Today I met with Dinneen, an American who came to study Italian for a month, for a drink this afternoon. We sat in the Piazza della Signoria at Rivoire facing the Palazzo Vecchio. We enjoyed our drinks and sat for a few hours talking, watching people walk by, and trying not to get attacked by the pigeons.
She was going to meet another girl, Alessia, at Capocaccia along the Arno at Ponte Santa Trinità at around 8PM and asked me if I wanted to join her. I hadn't been there yet for an aperitivo, but that was the next place I wanted to go.
When we arrived, the entire sidewalk in front of Capocaccia as well as the one across the street along the Arno was packed with people. There was a DJ set up at the outside terrace and the music was blaring inside and out. We walked through the bar and found the buffet table. I asked a cameriere (waiter) who was walking by if "fa il servizio a tavolo" (he take orders at the tables).
When he said yes, we sat down at a quiet, internal table and looked at the drink menus. The cameriere came back to our table, "Ciao ragazze, cosa vi porto?" (Hi girls, what can I bring you?). I can't remember the last time someone, other than friends, called me a ragazza. After he walked away, I went to the buffet table and served myself some pasta, finocchiona (Tuscan salami with fennel), and bread.
The food was delicious and there was no extra charge for the aperitivo like at the last place we went to. There was also a lot more food too; a few waitresses were even walking around the crowds serving fresh pizza on platters.
We met Dinneen's friend Alessia who is a Florentine woman whom I found out lives alone. Alessia told us that on Sundays "tutta Firenze viene qui" (all of Florence comes here). And, she added, "anche tanti fighetti" (even lots of "in" people). From the crowds, it looked like people went to the beach for the weekend and would then come to Capocaccia to be seen and show off their tans. Almost everyone was dressed impeccably. I wasn't expecting to go and was dressed casually and certainly not nice enough to feel comfortable at Capocaccia.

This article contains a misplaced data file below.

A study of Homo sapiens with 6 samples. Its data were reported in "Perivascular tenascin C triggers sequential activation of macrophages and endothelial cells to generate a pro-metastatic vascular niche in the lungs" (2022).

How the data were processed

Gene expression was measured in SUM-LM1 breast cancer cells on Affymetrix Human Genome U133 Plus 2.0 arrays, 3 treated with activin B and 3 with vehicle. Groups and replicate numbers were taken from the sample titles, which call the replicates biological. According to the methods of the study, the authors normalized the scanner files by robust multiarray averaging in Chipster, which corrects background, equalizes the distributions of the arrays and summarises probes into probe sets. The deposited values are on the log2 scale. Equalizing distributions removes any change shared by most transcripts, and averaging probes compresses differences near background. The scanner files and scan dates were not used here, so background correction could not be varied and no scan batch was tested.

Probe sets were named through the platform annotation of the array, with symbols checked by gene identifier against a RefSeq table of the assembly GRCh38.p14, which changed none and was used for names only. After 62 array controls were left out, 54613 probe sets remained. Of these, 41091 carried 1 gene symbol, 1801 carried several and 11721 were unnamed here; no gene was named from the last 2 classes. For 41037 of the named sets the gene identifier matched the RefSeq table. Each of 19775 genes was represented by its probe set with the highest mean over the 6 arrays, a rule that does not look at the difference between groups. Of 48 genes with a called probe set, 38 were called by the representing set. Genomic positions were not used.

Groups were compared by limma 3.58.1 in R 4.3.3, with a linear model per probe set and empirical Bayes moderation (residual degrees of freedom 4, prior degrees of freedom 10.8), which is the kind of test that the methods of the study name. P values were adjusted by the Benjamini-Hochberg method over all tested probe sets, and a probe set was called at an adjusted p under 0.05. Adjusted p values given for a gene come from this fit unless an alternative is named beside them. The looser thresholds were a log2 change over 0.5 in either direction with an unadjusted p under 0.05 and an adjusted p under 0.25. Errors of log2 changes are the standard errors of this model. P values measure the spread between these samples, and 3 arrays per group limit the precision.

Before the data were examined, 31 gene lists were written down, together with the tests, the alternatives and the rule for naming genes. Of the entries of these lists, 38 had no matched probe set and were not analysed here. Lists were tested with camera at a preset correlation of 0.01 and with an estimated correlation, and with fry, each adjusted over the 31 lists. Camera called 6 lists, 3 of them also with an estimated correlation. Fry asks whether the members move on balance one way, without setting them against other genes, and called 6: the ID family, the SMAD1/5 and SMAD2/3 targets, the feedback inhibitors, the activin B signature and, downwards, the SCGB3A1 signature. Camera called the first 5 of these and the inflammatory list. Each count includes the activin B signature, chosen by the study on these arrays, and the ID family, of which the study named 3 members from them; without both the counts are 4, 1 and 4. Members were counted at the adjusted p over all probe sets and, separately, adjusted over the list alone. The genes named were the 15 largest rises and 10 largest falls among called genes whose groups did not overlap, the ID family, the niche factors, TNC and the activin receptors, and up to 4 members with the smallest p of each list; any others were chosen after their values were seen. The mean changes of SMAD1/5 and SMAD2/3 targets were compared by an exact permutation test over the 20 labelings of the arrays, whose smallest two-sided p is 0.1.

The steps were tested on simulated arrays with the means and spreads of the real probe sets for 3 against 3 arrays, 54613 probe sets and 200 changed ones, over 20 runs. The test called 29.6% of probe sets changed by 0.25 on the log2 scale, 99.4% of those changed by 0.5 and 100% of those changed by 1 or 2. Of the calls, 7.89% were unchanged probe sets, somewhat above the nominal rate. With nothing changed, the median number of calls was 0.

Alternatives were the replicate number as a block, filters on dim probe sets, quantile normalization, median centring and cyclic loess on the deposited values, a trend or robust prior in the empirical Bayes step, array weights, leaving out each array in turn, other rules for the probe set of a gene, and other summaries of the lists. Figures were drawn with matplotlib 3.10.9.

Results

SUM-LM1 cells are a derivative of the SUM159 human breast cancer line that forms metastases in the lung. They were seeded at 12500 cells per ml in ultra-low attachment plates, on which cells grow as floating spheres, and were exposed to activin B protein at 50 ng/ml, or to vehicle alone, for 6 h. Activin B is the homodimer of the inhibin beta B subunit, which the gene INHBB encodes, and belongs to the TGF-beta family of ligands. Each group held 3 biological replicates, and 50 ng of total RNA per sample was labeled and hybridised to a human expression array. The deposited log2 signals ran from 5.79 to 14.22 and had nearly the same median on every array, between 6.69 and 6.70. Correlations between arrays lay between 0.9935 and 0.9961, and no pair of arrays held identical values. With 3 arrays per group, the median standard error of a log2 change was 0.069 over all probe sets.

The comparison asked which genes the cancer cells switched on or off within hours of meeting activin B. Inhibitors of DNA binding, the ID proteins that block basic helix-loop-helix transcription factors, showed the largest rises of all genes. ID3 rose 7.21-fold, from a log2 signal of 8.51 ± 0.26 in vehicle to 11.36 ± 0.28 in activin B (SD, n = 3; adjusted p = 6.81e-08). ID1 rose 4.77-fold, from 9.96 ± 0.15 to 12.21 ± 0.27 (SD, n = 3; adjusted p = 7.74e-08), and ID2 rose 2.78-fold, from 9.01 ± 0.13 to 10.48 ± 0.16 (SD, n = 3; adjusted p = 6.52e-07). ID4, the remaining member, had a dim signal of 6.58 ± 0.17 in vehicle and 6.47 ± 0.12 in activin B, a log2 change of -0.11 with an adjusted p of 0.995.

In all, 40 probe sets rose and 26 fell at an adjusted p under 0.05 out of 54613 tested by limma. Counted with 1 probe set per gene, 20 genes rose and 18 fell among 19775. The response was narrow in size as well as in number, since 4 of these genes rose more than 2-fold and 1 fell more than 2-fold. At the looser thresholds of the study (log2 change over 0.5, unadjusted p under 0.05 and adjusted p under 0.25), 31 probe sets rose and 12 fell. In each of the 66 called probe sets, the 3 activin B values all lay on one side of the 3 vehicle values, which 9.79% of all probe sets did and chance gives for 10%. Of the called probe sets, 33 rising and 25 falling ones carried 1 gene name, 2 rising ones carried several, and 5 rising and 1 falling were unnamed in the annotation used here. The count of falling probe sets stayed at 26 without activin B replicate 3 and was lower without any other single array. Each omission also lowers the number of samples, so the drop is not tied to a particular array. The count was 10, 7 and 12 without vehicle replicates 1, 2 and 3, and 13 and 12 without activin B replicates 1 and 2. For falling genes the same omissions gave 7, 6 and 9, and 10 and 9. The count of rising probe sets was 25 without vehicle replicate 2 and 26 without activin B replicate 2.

Dinneen and I both commented on how it felt like a discoteca: all the people looking at each other, drinks, and loud music. If it weren't for the early hour (only about 10PM), well-lit areas, and the cars that passed by on the street, it probably could've been a discoteca.
There were quite a few Americans there as well; I could overhear them speaking English. Alessia said, "Le americane sono spesso in cinque o sei e portano sempre le flip-flop" (The American girls are often in groups of five or six and always wear flip flop sandals). It's something I noticed as well.
After a few hours of talking, standing outside among the crowds, nibbling on food and sipping our drinks, we decided to call it a night. I took one picture as we were leaving from the Ponte Santa Trinità and there seemed to be more people than when we arrived. The locale (place) is where the white umbrellas are, but people were all over the place even in the street.
I hope to go back another night when it's not as busy. Dinneen said that she went there last night and there weren't quite as many people. I've been told that they have brunch as well, so maybe we'll try that too some day.